The XC40 Recharge is the start of something big for Volvo
It’s been about a week since Volvo announced their first all-electric model, the XC40 Recharge, but that’s not what has us excited. They’ve pledged one of the auto industry’s most bold emissions reduction plans with electrification at the centre of it all. So what exactly are they promising and how will they make it happen?
Meet the XC40 Recharge
The ‘Recharge’ line is all set to be the label on Volvo’s electric vehicle lineup going forward, and it’s all kicking off with the XC40.
Like its combustion counterparts, the XC40 Recharge is a small SUV designed for suburban liveability and the established Volvo values of safety and efficiency. It’s the first all-electric model from the Chinese-Swedish automaker — not counting the Polestar 2 (Polestar are a Volvo/Geely subsidiary).
An Australian release date has yet to be confirmed, but early reports suggest we’ll be seeing the first all-electric Volvo sometime in 2021. As usual, that will likely come several months after it appears in other markets.
So we know what to expect from the XC40 Recharge. It’s a Volvo, right? It’ll be safe, it’ll be respectable, it’s probably going to secure a healthy niche of happy customers when it lands in Australia and elsewhere. But it wasn’t the only announcement Volvo made this month.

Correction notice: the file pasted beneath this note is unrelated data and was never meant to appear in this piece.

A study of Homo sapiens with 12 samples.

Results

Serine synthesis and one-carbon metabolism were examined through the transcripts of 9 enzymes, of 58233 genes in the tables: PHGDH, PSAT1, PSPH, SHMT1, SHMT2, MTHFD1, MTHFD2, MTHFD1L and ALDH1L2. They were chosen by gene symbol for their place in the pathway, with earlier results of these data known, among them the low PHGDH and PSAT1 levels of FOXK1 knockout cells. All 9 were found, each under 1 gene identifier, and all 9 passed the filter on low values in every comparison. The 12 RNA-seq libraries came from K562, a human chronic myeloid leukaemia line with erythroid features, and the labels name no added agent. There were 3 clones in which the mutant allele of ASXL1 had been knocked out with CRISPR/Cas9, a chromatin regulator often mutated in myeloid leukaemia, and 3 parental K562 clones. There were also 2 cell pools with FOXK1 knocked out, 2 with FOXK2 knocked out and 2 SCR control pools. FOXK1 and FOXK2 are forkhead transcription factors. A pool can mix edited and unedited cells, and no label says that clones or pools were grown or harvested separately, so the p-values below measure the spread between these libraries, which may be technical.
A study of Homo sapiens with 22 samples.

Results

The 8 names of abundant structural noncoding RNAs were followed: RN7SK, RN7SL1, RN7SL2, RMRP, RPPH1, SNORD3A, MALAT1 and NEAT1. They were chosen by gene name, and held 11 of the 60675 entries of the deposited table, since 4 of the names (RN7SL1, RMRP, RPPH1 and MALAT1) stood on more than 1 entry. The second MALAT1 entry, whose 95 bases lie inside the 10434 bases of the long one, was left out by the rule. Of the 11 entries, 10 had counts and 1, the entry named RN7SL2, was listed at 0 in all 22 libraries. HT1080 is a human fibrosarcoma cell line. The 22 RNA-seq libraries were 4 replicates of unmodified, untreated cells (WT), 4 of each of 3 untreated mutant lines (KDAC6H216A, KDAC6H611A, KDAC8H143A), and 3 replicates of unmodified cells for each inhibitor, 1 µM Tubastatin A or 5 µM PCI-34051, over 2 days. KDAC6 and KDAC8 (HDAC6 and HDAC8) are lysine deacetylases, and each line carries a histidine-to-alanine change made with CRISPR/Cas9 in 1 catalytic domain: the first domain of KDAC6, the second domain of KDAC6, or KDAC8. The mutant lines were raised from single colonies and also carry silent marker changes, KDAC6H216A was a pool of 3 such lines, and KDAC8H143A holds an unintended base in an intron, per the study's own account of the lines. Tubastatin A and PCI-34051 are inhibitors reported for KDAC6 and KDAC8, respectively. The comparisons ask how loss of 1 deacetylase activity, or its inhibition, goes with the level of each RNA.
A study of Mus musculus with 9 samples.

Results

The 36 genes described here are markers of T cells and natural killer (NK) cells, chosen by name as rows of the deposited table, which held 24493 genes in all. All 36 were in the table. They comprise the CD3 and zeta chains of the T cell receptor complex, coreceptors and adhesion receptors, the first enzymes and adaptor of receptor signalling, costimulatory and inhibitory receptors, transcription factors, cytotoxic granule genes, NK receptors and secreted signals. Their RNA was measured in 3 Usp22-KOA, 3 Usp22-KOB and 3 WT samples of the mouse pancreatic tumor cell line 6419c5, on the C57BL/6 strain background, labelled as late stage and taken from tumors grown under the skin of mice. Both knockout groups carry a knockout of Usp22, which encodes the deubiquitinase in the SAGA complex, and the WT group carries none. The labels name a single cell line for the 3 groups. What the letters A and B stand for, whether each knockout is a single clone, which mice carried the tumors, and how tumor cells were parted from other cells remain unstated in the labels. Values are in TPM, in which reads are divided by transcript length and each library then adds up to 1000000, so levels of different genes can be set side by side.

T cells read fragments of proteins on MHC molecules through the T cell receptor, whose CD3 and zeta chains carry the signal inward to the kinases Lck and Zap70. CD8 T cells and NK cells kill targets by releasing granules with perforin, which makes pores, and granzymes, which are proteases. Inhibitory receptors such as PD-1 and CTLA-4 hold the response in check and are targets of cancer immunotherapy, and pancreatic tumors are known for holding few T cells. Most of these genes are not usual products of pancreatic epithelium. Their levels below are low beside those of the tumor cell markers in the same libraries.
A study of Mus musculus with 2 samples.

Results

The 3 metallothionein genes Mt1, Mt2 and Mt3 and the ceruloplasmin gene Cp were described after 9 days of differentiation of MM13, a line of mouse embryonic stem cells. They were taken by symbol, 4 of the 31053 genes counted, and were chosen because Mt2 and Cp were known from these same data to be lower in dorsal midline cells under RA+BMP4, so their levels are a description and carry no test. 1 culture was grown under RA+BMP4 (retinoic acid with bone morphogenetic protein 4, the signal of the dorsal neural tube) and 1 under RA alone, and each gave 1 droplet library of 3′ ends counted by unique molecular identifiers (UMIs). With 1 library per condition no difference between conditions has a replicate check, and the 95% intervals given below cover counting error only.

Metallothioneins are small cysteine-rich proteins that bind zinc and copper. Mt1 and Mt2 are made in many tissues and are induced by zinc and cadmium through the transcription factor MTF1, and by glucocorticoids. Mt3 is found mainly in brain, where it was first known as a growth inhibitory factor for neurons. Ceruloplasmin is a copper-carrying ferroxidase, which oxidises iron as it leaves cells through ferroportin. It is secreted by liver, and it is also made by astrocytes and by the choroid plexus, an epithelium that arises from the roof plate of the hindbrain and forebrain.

Volvo are backing up their electrification plans with an ambitious set of company-wide goals for sustainability. The first of these is a pledge to bring all-electric models up to half of all their car sales by 2025, with hybrids making up all of the rest.
That’s a huge target for a company that have only just announced their first EV. Their pro-electric goal certainly isn’t the first of a major automaker, but they have made the crucial distinction of separating plug-in hybrids (PHEVs) and all-electric EVs in their target. Other major companies including Porsche and BMW have set combined EV/PHEV targets up to 50%, while others have rejected sales targets in favour of more vague ‘electrification’ strategies.
Håkan Samuelsson, Volvo Chief Executive:
“We are transforming our company through concrete actions, not symbolic pledges. So at Volvo Cars we will address what we control, which is both our operations and the tailpipe emissions of our cars.”
Sticking to these goals will make Volvo one of the world’s leading sustainable automakers. They’ll need to deliver a lot more EVs to make it happen, but that’s something we’re more than happy to see.